A Sheik's story in the Sudan

News and Press Release
Originally published
Stephanie Zito, World Relief Communications

World Relief is an interagency humanitarian relief effort, providing assistance, training and relief to refugees in the Darfur region of Sudan. CRWRC International Relief is an actively participating agency of World Relief.

Sauntering through his village, staff in hand with his long white "jelabiah" gown blowing in the warm breeze, the gentle presence of Sheik Ali Abdallah Ahmed commands the respect of his people. The grey hairs in his beard confirm his status as elder and tell of his wisdom before he speaks. Sheik Ali is one of the three leaders in Zawea, a village of 540 people on the outskirts of West Darfur's Um Tagouk region where WR/DRC is operating an initiative to improve health and hygiene.

In addition to solving local disputes and allocating land for farming, Sheik Ali is wise in many things and bears the responsibility of a chief to share his knowledge with his community. One area of knowledge that this sheik is currently working to pass along to his people is a realm of understanding that he has recently acquired: the importance of sanitation.

While a toilet and functioning sewage system is something that two-thirds of mankind takes for granted, according to the United Nations more than 2 billion people in the world are living without access to adequate sanitation. In many villages like Zawea in West Darfur, a lack of proper waste disposal pollutes water sources, compounds the problems of poor hygiene and increases the spread of diseases in areas where people already struggle from inadequate medical care. Although the job to improve the need for sanitation in the area of Darfur is big, it is not impossible.

World Relief's current goal to construct 1725 latrines to improve sanitation in West Darfur, however, does not begin with a shovel. Educating people through their respected local leaders like Sheik Ali and community appointed hygiene promoters is the first step to better sanitation.

"It is important to start with someone who has understanding that there is more to sanitation than building a latrine," explains World Relief Sanitation Officer Anania Lagu Murra "Sanitation is connected with cultural traditions, customs and beliefs. To build latrines is one thing, but to get people to use them is another. People need understanding, and improved sanitation requires a change in mindset."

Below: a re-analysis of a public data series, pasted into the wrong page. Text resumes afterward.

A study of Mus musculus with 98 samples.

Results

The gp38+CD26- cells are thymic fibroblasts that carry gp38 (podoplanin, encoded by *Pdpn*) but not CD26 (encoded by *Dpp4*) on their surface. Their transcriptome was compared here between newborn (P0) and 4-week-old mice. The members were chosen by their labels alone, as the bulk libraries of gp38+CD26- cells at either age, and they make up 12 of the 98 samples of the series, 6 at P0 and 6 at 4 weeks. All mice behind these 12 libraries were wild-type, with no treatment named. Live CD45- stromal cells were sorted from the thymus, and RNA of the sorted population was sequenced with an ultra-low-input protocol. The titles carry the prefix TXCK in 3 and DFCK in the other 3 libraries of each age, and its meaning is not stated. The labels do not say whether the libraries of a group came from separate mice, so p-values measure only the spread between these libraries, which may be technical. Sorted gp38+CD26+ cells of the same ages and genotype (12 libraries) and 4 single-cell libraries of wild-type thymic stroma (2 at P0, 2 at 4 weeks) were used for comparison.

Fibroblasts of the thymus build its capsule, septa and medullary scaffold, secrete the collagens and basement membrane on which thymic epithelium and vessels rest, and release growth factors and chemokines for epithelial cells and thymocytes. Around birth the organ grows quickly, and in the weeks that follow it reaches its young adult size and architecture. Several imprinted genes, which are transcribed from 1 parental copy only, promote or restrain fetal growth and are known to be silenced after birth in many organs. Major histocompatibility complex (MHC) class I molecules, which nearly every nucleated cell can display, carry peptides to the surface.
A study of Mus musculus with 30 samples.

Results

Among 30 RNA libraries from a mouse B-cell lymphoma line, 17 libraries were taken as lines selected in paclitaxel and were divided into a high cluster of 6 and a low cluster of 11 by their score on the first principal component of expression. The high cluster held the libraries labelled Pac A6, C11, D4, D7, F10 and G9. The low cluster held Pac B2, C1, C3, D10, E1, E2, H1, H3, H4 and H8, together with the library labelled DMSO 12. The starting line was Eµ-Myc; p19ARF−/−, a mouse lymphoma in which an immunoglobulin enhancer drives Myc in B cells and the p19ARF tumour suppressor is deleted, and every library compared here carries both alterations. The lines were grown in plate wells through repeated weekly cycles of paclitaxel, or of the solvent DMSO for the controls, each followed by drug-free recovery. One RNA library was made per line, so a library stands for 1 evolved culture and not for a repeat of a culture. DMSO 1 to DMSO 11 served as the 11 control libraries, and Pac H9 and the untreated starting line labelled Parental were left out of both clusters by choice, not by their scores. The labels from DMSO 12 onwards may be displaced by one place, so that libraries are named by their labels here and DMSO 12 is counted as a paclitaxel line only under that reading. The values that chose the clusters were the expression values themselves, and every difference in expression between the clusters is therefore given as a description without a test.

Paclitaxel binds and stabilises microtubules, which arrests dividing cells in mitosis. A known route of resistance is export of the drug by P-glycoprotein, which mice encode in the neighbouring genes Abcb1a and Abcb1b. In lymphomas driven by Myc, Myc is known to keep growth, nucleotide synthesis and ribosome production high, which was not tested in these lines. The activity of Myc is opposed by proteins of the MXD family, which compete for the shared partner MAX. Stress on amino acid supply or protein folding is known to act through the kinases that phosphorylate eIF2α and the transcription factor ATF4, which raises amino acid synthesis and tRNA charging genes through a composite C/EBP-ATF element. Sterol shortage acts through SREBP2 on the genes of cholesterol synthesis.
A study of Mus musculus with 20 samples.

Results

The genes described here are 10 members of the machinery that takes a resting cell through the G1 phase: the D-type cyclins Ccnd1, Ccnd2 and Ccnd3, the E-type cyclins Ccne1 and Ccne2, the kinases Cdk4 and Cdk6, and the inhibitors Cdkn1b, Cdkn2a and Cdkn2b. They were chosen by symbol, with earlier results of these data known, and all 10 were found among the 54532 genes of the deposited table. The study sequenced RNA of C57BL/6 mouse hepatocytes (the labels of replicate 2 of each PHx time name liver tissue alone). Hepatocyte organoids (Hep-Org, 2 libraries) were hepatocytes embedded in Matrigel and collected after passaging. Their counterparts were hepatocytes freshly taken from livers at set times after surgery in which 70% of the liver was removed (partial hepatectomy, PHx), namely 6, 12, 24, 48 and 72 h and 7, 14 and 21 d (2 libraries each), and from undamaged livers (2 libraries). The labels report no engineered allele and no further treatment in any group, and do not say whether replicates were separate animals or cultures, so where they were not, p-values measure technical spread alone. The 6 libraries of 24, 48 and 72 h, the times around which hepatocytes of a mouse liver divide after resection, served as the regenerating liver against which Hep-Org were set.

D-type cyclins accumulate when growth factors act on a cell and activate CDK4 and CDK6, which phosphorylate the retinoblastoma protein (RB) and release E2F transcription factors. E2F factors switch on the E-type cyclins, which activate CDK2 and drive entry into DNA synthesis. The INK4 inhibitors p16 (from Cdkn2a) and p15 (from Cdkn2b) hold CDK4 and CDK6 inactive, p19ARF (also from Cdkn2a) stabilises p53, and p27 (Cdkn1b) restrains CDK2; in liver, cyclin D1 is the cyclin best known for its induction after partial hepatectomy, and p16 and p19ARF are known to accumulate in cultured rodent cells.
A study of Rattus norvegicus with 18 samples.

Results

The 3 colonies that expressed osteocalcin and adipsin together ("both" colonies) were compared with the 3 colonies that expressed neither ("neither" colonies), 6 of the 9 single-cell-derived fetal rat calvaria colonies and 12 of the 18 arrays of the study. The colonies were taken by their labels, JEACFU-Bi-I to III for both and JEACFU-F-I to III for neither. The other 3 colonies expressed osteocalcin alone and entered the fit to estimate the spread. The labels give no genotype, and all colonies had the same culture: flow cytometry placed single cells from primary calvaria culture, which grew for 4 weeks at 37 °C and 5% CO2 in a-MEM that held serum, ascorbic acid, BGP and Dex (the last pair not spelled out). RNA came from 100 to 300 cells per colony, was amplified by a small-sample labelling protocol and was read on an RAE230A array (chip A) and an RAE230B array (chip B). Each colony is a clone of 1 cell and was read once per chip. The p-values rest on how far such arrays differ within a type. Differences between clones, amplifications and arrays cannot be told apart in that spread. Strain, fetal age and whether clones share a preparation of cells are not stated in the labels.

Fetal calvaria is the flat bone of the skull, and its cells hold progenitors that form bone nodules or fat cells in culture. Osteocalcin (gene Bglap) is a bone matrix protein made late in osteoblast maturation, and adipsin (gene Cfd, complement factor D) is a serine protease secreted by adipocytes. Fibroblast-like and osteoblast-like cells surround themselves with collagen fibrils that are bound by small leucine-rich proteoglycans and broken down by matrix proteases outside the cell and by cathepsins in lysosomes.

As a result of the understanding gained and shared in the community as well as the hard labor of the people, the village of Zawea is no longer part of this enormous statistic. The people of Zawea have already completed 33 latrines in their village. According to standards for acceptable development, these facilities can adequately serve 660 people, enough to meet the needs of the Zawea population and increase their chances to live longer and healthier lives.

The World Relief sanitation program operates in communities like Zawea in cooperation with supervision of the local sheiks. Households which agree to construct a latrine in their compound use tools provided to the village through the DRC program to dig a three meter deep pit. Upon completion of digging, a task which can take as little as two days in sandy soil and up to several weeks in a rocky area like Um Tagouk, the family gathers wooden beams which will support the plastic slab provided by World Relief to cover the hole. Following a final inspection, the latrine is ready for walls- often constructed of grass mats and surrounded by thorn branches to keep the animals away from devouring the latrine when no one is looking.

"Now that the latrines are finished, do the people in the village use them," Anania inquired of the sheik. There was a short Arabic dialogue and then the group of the distinguished village gentlemen broke out in laughter. Sheik Ali had given an affirmative response to which Anania replied, "But we passed through 3 or 4 of them and we didn't smell anything."

"We really use them," the sheik responded and invited us to come see the latrine in his compound. He was pleased with his construction and smiled like a proud father as he explained that it had only taken 2 days to dig his latrine because his house is on the sandy soil.

As a result of the latrine project as well as the corresponding hygiene program that operates in the Zawea area to continue the promotion of sanitation, the villagers claim that they have a cleaner place to live with less diarrhea and a lack of the epidemics that they used to face.

WR is currently helping to provide access to adequate sanitation to more than 35,000 people in West Darfur, Sudan through its participation in the Darfur Relief Collaboration. To date, 1,319 latrines have been completed in three conflict-affected regions which also benefit from community based health and hygiene promotion, nutrition, water, and food security initiatives.